Cover of FTC 2018 Privacy & Data Security UpdateENFORCEMENT. The FTC’s privacy and data security enforcement experience runs deep, with hundreds of cases filed in recent years. The 2018 Update leads off with a summary of cases, warning letters, and other actions linked to the resources you’re looking for and summarized by topic:

  • General Privacy
  • Data Security & Identity Theft
  • Credit Reporting & Financial Privacy
  • International Enforcement
  • Children’s Privacy
  • Do Not Call.

ADVOCACY. When government agencies, courts, or other decision makers are considering actions that could impact consumers or competition, the FTC may offer insights based on its years of experience. The 2018 Update describes the FTC’s comments to the CPSC on the Internet of Things and NTIA on privacy. Also included: links to key congressional testimony.

RULES. Are you up on what’s what with privacy- and security-related regulations within the FTC’s purview? The Update offers a thumbnail of what each one requires and 2018 developments.

WORKSHOPS. The FTC has sponsored more than 70 workshops, town halls, and roundtables to bring people together to talk over emerging issues in consumer privacy and security. In 2018, the FTC hosted PrivacyCon, an international forum on the latest academic research; a workshop on combating cryptocurrency scams; and three events centered on big data, artificial intelligence, and data security convened as part of the ongoing Hearings on Competition and Consumer Protection in the 21st Century.

REPORTS AND SURVEYS. To date, the FTC has published more than 60 reports probing consumer privacy and data security issues. Contributions in 2018: a study of mobile security updates and staff perspectives on connected cars, informational injury, and cybersecurity for small business.

CONSUMER EDUCATION AND BUSINESS GUIDANCE. Educating consumers and businesses about privacy and data security is critical to the FTC’s mission. In 2018 we distributed millions of brochures in English and Spanish covering everything from fundamental security ABCs to sophisticated defenses against emerging threats. New titles address changes to the law regarding credit freezes, cybersecurity for small business, virtual private network apps, and scams targeting smaller companies, to name just a few. In addition, hundreds of thousands of subscribers receive the FTC’s Consumer Blog and Business Blog, which regularly touch on timely privacy-related topics.

INTERNATIONAL ENGAGEMENT. A key part of the FTC’s privacy and security mission is to engage international partners to develop mutual enforcement cooperation on privacy and data security investigations. The FTC also plays a lead role in advocating for strong, globally interoperable privacy protections for consumers around the world. The Update includes highlights of how the FTC worked with international counterparts in 2018.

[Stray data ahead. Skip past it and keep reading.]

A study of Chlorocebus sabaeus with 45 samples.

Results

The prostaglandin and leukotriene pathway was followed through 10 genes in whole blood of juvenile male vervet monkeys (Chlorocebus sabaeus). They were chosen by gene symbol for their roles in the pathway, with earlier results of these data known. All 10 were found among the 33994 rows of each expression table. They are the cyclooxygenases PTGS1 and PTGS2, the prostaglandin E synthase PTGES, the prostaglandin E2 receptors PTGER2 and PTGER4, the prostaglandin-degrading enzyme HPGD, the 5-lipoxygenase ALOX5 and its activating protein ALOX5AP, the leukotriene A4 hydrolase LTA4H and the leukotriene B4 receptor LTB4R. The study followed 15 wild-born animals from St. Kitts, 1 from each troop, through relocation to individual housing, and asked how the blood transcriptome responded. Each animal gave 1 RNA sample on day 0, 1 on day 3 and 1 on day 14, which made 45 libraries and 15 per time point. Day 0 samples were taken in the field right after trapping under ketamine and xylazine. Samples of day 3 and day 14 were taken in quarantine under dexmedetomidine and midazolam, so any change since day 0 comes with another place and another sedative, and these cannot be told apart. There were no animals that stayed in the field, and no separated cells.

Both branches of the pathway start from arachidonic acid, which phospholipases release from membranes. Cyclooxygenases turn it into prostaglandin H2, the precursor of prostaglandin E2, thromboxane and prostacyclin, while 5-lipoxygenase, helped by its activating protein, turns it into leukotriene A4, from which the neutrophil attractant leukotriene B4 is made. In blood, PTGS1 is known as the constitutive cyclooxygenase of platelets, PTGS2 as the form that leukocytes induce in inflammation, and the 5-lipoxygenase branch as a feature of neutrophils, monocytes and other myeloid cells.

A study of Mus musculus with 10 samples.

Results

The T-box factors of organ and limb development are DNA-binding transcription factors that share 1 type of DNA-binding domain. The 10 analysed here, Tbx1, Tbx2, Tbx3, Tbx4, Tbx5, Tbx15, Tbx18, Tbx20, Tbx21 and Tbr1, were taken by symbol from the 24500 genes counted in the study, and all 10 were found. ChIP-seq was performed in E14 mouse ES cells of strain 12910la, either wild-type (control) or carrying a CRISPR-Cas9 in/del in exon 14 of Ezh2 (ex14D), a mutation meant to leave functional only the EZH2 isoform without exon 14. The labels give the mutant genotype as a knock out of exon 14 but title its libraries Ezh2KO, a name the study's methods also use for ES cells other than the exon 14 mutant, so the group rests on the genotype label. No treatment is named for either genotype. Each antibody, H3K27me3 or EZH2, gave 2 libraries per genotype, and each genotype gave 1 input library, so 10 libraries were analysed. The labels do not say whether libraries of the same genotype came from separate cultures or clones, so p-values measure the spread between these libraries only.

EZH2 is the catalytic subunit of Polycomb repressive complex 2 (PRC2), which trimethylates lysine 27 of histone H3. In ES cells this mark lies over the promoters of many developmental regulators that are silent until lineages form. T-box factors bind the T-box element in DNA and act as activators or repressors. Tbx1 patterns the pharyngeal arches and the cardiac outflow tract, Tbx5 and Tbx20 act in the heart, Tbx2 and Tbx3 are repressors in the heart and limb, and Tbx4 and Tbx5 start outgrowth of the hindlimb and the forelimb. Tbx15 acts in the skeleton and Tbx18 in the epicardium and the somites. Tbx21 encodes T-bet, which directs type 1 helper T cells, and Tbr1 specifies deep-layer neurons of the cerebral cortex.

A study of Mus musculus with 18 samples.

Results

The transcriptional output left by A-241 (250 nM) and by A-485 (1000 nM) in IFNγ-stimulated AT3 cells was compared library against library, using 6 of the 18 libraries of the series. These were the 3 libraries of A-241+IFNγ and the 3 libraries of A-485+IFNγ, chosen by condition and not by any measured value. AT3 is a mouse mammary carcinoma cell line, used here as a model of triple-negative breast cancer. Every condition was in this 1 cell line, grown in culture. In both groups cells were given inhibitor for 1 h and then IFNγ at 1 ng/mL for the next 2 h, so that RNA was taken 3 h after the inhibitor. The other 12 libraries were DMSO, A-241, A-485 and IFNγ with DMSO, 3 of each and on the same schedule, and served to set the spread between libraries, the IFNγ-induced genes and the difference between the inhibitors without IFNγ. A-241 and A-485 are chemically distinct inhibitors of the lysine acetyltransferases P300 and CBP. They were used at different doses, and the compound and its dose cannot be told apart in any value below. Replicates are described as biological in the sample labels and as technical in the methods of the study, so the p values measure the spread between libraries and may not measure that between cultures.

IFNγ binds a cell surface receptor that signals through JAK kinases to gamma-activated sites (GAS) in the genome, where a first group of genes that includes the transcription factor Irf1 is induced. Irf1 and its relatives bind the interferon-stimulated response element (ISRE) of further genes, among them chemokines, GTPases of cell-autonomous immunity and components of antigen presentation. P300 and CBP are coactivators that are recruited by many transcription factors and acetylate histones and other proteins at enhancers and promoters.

How can you use the 2018 Update? Keep it as a handy reference guide, consult the lists and links, reread it when looking for FTC privacy and security resources, and consider it when drafting client alerts, blogs, or social media content about FTC enforcement and policy initiatives.



hideyuki A
March 15, 2019
I've been working on my personal computer, but I am looking forward to seeing it. Are you sure you want to send the report materials by overseas mail?
FTC Staff
March 15, 2019

In reply to by hideyuki A

The report is available online. Follow the link in this blog post to read, print or download the report.

April 27, 2019
This is so helpful
July 08, 2019
If my NPPI (documents containing SSN, DOB, banking info) is sent in an unsecured email to non-privy parties, is that a violation of this Act?
FTC Staff
July 15, 2019

In reply to by Guest

If you think a business has not protected your personal information you can report that to the FTC at The information you give goes into a secure law enforcement database that the FTC and other law enforcement agencies use for investigations.

July 09, 2019
Does the FTC govern businesses who transmit information belonging to a non-customer to an unauthorized party? For instance, an email was sent unencrypted- with an attachment containing the SSN, DOB & personal bank information of that consumer...
FTC Staff
July 15, 2019

In reply to by Guest

If you think a business has not protected your personal information you can report that to the FTC at The information you give goes into a secure law enforcement database that the FTC and other law enforcement agencies use for investigations.